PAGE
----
Tuesday, May 18, 2010

Bee farmers set up national body



A national apiculture industry association has been established to promote and develop the honey bee industry throughout the country.

The association has been formed by bee farmers, queen bee breeders, producers, breeders, suppliers, and other stakeholders involved in the development of the industry. The move is the result of recommendations made at the first-ever national apiculture industry workshop held in Goroka in March this year.

 A meeting of stakeholders in Goroka organised by Highlands Farmers and Settlers Association after the workshop resolved to establish the national body as the first step towards moving the industry forward.

 An interim executive has also been elected with longtime bee promoter and chairman of Isten Hailans Beekeepers Association Jonah Buka as interim chairman, Hardy Ketauwo as treasurer and Jonah Negiha as secretary.

The association includes representation from farmers in all highlands provinces, including Jiwaka as well as Madang, Morobe, Oro and Central.

Potential bee farmers in other provinces are also urged to join the national body.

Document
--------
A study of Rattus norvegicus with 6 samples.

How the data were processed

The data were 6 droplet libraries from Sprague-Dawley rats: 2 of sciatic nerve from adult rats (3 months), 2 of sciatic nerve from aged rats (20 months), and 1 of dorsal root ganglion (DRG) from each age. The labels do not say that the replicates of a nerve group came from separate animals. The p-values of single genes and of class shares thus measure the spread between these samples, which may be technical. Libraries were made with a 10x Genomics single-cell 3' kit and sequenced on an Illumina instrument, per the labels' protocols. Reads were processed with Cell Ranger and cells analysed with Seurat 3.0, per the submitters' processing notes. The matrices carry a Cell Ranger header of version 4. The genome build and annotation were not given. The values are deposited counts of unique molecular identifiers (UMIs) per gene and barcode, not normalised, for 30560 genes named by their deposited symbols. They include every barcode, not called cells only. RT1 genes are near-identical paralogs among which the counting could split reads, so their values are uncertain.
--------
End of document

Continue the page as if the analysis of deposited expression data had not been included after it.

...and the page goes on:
One of the key outcomes of the national apiculture industry workshop was the need to establish a body that would represent the apiculture industry at the national level and not be restricted to only one or fewer provinces as is the present situation.

As the way forward, the workshop determined that the new body would play a lead role in driving the honey bee industry and ensure that there was sustainability as well as improvements in the livelihood of the bee farmers throughout the country.

 It has been resolved that the Isten Hailans Beekeepers Association will utilise its expertise in collaboration with the Highlands Farmers and Settlers Association and the Department of Agriculture and Livestock to take ownership in establishing the new body. Bee keepers, producers, suppliers, queen breeders, trainers and others in the provinces will be required to affiliate to district and provincial branches that will form part of the national association.

DAL and Livestock Development Corporation have been urged to play a key role in the formation and provision of technical and secretarial assistance to set up the body.

This was confirmed at another stakeholders meeting held early this month in Goroka.

 Meanwhile, a field day and seminar on honey bee is being planned for either May or June to showcase the success of the industry in some areas and its vast potential.